The consequences of US weakness in Iraq and Syria

U.S. forces in the Middle East are on high alert after Hossein Amir-Abdollahian, Iran’s foreign minister, suggested on Monday that Tehran may attack U.S. forces in the region following an Israeli strike in Damascus last week. The strike killed seven Islamic Revolutionary Guard Corps (IRGC) officers, including the commander for Syria and Lebanon. In preparation for a potential resumption of Iranian attacks, Washington must ensure American servicemembers deployed to the Middle East have the military means to defend themselves and the political permission to counterpunch hard to make Iran and its proxies regret any new attacks.

An April 1 Israeli airstrike on a building adjacent to the Iranian embassy in Damascus killed the IRGC Quds Force commander responsible for smuggling weapons to Lebanon, where Iranian-backed Hezbollah has fired over 3,000 rockets into Israel in near-daily attacks since October. Despite clear statements from the United States that it was not involved in the Damascus strike, the Iranian foreign minister accused Washington of providing a “green light” for the attack and said it “must be held responsible.” In recent days, Iranian proxies in Iraq and Syria have repeated threats to attack U.S. forces.

It is hardly surprising that Iran is threatening U.S. forces again and using the Israeli military action as a thinly veiled excuse. The Islamic Republic of Iran and its terror proxies have targeted U.S. military personnel in the region for decades and have the blood of hundreds of Americans on its hands. Throughout the course of the Iraq War, for example, Iran-backed militias were responsible for the deaths of over 600 U.S. servicemembers.

Tehran seeks to evict U.S. military forces from the region to increase the regime’s ability to undermine and control Arab governments, maintain a land bridge to Hezbollah in Lebanon, and establish a firmer foothold in Syria for the purpose of ultimately exterminating the State of Israel.

Tehran normally uses militias and terror groups to conduct these attacks, providing them with funding, training, and weapons. This proxy terror strategy permits Tehran to advance its interests while concealing its role and displacing consequences and counterpunches onto others.

U.S. military forces are in Iraq, Syria, and Jordan to support partners and secure core American interests. Foremost among those interests, particularly in Iraq and Syria, is countering the ISIS terrorist organization and ensuring its caliphate remains defeated. A premature U.S. military departure from Iraq and Syria would empower Iran and increase the likelihood of an ISIS resurgence.

However, if Washington is going to keep U.S. troops in harm’s way, it must provide them with the military means and political permission to defend themselves and impose consequences that make adversaries think twice before they try to kill Americans.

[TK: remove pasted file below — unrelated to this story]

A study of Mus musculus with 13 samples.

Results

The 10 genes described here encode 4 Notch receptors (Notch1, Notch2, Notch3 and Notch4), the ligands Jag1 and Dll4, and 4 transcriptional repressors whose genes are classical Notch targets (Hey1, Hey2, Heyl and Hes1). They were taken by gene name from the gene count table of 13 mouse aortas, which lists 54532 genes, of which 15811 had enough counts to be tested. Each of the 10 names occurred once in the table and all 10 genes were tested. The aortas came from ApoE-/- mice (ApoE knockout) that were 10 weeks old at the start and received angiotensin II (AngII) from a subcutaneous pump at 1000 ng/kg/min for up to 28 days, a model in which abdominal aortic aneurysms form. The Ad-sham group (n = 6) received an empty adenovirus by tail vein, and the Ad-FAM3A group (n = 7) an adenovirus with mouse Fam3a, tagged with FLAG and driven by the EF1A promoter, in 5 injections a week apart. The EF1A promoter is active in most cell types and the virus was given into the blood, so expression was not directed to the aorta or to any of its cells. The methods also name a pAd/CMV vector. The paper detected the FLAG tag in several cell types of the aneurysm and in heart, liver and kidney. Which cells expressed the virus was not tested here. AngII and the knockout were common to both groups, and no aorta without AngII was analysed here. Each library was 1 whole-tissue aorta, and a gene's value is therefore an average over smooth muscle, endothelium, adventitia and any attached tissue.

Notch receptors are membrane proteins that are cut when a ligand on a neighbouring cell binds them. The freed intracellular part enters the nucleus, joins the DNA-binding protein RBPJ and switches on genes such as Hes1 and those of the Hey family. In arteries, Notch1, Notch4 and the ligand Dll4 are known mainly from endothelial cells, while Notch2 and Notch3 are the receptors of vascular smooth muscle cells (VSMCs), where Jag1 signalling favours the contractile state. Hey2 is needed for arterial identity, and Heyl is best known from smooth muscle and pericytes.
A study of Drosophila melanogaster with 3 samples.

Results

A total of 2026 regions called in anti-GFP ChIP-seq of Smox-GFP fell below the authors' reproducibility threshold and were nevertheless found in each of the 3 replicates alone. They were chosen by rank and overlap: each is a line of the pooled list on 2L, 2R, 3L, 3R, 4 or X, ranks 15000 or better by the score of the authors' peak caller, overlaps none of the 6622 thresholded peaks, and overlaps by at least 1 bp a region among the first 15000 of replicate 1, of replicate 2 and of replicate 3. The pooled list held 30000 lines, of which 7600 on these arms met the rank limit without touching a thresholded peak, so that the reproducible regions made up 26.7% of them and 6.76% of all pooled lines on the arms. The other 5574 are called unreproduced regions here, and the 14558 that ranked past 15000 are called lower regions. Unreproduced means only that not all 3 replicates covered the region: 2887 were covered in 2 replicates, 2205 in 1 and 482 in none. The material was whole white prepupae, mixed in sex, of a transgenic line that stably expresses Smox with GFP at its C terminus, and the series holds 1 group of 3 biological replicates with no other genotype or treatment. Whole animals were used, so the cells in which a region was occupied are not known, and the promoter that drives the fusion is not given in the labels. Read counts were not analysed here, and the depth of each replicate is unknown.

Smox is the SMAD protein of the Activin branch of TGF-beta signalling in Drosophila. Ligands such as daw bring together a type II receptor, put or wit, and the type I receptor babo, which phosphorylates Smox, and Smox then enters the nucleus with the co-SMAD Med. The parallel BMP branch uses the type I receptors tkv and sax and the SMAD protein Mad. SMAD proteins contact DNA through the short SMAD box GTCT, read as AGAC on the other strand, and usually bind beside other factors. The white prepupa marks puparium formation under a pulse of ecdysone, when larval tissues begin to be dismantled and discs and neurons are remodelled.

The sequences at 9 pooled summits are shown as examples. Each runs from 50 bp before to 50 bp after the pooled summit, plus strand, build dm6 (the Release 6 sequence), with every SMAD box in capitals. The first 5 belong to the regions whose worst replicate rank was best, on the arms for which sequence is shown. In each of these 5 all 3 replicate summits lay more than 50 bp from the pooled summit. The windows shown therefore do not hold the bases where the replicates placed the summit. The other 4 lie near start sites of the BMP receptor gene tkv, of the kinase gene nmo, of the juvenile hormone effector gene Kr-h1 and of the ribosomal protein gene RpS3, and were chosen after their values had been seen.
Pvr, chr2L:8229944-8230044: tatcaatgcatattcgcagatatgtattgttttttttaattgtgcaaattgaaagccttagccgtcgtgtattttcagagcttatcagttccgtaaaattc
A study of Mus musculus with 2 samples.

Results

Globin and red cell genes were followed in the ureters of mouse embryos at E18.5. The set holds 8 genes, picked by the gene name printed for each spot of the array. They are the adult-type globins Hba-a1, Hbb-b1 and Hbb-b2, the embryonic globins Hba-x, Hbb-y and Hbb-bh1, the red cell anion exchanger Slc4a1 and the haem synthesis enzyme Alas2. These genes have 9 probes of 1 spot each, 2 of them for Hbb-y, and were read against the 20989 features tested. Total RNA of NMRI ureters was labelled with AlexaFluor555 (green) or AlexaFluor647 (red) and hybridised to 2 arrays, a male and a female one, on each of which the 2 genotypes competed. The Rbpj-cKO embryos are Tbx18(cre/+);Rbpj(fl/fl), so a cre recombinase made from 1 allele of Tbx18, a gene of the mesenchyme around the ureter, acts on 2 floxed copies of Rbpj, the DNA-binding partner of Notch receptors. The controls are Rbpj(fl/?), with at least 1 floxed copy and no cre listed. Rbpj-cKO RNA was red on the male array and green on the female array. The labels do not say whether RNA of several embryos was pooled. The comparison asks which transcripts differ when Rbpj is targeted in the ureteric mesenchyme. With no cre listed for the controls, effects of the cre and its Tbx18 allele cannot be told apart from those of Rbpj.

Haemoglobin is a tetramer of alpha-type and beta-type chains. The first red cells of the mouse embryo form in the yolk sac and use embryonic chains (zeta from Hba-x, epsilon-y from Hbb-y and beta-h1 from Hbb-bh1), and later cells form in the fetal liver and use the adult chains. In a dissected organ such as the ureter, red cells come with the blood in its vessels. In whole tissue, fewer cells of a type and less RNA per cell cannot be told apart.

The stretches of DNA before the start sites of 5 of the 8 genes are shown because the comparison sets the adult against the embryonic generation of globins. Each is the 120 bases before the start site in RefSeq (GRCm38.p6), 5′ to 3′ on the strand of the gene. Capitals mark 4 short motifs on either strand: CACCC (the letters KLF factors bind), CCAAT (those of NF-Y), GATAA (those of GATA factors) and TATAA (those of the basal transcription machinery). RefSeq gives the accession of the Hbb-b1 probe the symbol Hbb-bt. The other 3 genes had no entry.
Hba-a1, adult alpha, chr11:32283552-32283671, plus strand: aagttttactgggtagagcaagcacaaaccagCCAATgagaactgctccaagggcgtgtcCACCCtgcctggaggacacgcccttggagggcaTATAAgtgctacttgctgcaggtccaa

As an urgent priority, considering the threats from Iran, the White House and Pentagon must learn from history and ensure that U.S. troops in the region have adequate force protection, including sufficient rocket, missile, and drone defenses.

We have seen the tragic consequences when U.S. troops are left with insufficient means to defend themselves.

Three U.S. soldiers were killed and over 40 wounded in a January 28 drone attack by Iranian proxies on a U.S. base in Jordan. Despite dozens of attacks in the preceding weeks, U.S. forces were left vulnerable at the base. Sadly, that event was not an anomaly. In January 2020, Iran launched ballistic missiles at two bases in Iraq housing U.S. troops. With no ballistic missile defenses in range, U.S. forces could only scramble for cover and wait for impact. More than 100 U.S. servicemembers were wounded.

In addition to providing our troops the means to defend themselves, Washington must also give commanders the permission to respond with overwhelming force when attacked.

Recent history provides an instructive lesson on what happens when such political permission is withheld and then belatedly granted. Between October 17, 2023, and February 4, 2024, Iranian proxies attacked U.S. forces 165 times. In stark contrast, the United States only responded with approximately nine limited airstrikes before the fatal Tower 22 attack in Jordan. That American “restraint” served as a green light for additional attacks on U.S. forces.

Following the deaths of three Americans in Jordan, the United States finally responded forcefully by striking 85 targets across Iraq and Syria. Less than a week later, Washington killed a Kata’ib Hezbollah commander responsible for attacks on U.S. forces in a drone strike in Baghdad.

Tehran and its proxies got the message and have not attacked U.S. forces since February 4.

This should not be surprising to anyone familiar with the Islamic Republic of Iran. When confronted with the resolute application of American military strength, Tehran tends to back down.

In the face of another looming Iranian attack that could come at any moment, Washington must act quickly to ensure U.S. servicemembers in harm’s way have the means to defend themselves and the political permission to respond with overwhelming force when the next Iranian attack comes.

A failure to take these steps invites more American casualties and more Iranian aggression.